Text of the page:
The benefits of both common and exotic spices have been sung for centuries, and lately have become more and more mainstream. Who amongst us hasn’t heard about the healing properties of cayenne, cinnamon, turmeric and ginger, for example? I too am often singing their praises, especially after having traveled the world and seen not only the origins of these spices, but their effects in action as well. Yet, I am often asked how best to use these ingredients in our daily lives. You've likely been told several times to eat more turmeric—but how exactly should you do that? Many of us have heard of sprinkling cinnamon into our morning muesli or adding cayenne to our lemon water in the morning, but here are a few more ways to spice up your diet... and kick up your health!
Often called a “superfood,” turmeric is native to India and gives curry its yellow color. Curcumin, which is found in turmeric, is a strong antioxidant and has powerful anti-inflammatory effects—even matching the power of some drugs. Because of this, many people with arthritis find relief with a daily dose of turmeric. Extensive studies are also being carried out on the healing role curcumin could play in treating various cancers, depression, Alzheimer's, heart disease, and brain disease. While you can always take turmeric pills or use in spice form, it’s also easy to find and use in its fresh root form. Here are a few suggestions for whichever form suits you: Add to scrambled eggs, omelets, or frittatas. Add it to your daily green juice, just as you would ginger (unpeeled). Since curcumin is fat-soluble, be sure to add a healthy fat source such as a teaspoon or tablespoon (depending upon the size of your juice or smoothie) of olive oil or coconut oil. I always recommend doing this, as vitamins A, D, E and K are also fat-soluble, meaning they are only absorbed by the body when accompanied by a fat source, either in the smoothie or an accompanying meal. Sprinkle on half an avocado or on your trendy (but tasty!) avocado toast. Peel and grate or sprinkle the spice on vegetable-based soups like pumpkin, butternut squash, carrot and broccoli, etc., all of which will likely be made with olive oil or butter. Toss raw pumpkin seeds in a mixture of olive oil, sea salt, and turmeric. Roast and enjoy as a healthy snack throughout your day. If you have time, start your morning with this “Rise & Shine Elixir,” which also includes cayenne, another great spice to add to your diet. Just mix hot water, the juice of half a lemon, one teaspoon local honey (important for your immune system and to stave off allergies), one teaspoon turmeric, one teaspoon cayenne, and one teaspoon olive oil.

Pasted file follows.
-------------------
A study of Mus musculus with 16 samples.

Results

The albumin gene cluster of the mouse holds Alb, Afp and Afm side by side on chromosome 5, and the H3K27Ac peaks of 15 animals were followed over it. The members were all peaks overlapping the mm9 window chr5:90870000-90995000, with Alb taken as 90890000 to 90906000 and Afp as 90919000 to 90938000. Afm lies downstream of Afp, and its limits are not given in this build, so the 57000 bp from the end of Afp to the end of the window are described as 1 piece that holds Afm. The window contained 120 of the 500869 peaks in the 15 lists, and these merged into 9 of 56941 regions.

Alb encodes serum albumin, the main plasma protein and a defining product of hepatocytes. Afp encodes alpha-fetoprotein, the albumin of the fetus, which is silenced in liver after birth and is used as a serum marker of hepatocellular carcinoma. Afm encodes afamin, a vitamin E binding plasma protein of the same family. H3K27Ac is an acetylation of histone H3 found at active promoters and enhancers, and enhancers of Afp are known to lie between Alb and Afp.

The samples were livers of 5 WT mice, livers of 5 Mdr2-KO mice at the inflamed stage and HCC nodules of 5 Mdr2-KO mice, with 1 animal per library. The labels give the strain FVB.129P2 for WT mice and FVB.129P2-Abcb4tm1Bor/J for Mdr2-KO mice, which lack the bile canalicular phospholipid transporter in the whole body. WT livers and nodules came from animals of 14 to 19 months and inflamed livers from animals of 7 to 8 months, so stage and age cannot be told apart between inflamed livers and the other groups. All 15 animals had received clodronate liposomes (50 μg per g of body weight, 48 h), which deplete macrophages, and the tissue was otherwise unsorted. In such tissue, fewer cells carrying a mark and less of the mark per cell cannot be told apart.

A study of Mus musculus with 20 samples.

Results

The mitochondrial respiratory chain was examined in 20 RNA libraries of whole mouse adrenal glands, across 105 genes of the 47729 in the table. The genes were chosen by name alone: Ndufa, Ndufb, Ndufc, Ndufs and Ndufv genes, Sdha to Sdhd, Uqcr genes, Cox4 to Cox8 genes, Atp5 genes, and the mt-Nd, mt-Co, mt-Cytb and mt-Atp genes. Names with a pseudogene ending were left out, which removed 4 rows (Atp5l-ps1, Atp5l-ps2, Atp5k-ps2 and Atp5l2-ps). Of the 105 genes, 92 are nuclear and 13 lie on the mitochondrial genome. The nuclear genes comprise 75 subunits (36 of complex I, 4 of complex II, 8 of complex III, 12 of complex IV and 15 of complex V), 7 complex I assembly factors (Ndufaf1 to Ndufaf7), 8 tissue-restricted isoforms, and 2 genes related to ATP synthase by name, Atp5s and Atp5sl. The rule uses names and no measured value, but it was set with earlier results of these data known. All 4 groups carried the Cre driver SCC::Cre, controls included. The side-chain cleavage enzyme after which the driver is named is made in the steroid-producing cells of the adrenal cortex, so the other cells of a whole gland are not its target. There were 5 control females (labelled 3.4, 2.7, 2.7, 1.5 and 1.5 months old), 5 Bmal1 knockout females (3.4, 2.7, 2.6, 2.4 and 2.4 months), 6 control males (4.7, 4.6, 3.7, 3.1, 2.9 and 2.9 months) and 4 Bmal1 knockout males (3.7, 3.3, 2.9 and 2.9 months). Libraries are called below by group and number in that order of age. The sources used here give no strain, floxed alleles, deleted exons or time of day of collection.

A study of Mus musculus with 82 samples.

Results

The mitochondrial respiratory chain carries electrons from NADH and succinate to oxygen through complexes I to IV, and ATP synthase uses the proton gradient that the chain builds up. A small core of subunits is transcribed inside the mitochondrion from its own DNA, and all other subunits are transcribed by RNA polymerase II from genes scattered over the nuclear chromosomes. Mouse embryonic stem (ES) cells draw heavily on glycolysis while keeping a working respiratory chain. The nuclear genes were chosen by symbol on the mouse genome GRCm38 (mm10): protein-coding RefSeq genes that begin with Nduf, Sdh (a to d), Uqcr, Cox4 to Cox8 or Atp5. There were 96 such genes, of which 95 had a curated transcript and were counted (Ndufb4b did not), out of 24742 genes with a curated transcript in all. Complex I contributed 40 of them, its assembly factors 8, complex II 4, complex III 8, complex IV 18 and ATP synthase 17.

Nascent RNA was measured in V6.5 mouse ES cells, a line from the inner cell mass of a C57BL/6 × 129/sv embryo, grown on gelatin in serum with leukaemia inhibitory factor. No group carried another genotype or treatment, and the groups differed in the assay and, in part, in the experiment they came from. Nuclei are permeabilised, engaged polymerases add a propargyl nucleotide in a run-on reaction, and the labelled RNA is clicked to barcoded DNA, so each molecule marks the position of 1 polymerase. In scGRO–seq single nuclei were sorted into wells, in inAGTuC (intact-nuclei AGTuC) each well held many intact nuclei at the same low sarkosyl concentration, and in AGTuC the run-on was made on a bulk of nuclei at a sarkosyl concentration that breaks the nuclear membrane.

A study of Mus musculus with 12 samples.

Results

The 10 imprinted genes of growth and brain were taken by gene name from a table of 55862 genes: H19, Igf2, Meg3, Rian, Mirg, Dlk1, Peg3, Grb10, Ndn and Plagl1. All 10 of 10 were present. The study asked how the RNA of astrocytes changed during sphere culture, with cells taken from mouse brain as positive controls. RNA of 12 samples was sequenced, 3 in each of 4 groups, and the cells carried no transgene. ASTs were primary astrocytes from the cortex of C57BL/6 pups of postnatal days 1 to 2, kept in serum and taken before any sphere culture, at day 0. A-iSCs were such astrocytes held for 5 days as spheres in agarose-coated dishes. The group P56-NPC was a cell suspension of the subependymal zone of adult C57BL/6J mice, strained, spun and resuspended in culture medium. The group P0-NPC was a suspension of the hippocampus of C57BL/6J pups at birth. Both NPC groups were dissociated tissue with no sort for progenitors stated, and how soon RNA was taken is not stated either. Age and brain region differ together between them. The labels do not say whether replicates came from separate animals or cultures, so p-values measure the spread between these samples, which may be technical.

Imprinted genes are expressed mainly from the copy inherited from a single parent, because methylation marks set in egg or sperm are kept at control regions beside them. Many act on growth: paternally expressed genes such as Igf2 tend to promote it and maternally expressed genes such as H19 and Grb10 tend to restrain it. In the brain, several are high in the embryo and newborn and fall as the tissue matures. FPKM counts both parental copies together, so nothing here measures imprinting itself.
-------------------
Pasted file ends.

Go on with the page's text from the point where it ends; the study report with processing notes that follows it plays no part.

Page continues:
True cinnamon (Ceylon cinnamon) is an ancient spice that is often mistaken in the United States for its less-beneficial cousin, common cinnamon (Cassia cinnamon). So, what exactly is the difference? Both forms of cinnamon are loaded with antioxidants and have rich levels of anti-inflammatory properties—helping the body fight against infection and repair tissue damage. They may even cut the risk of heart disease (some research has shown that 120 milligrams a day of cinnamon may lower 'bad' cholesterol while increasing 'good' cholesterol). But Cassia cinnamon, the kind most commonly found in grocery stores, is high in coumarin, which is known to be toxic in large doses and can damage the liver. Invest in Ceylon cinnamon instead so you can sprinkle generously on fresh fruits and other foods without worry. Here are a few simple ideas: Sprinkle on fresh orange slices or some raw almond slices. Add to smoothies, such as this delicious banana and almond smoothie. You need one banana, half a cup of ice, half a cup of unsweetened almond milk, six raw almonds, one date (pitted), and one tablespoon Ceylon cinnamon. Add to your morning coffee.
I lived in Mexico for a time and fell in love with the cuisine, which has a signature heat because of cayenne. The capsaicin that gives cayenne its heat is great if you are watching what you eat, as it can boost metabolism and reduce appetite. Additionally, some studies in animals have shown that capsaicin can aid in combating certain forms of cancer, including lung, liver, and prostate cancer. Sprinkle it on Mexican-style grilled corn on the cob. Enjoy in the Rise & Shine elixir (recipe above). Add a kick to your avocado toast. Add to eggs along with turmeric. Add to your lemonade. This summer refresher with a twist is always a crowd pleaser on a hot summer’s day. You need the juice of four to six large lemons, one tablespoon honey, seven to ten drops liquid cayenne or two tablespoons of powdered cayenne, water, and ice. Stir and enjoy. Sprinkle on watermelon wedges for a refreshing palette cleanser at the end of a summer meal.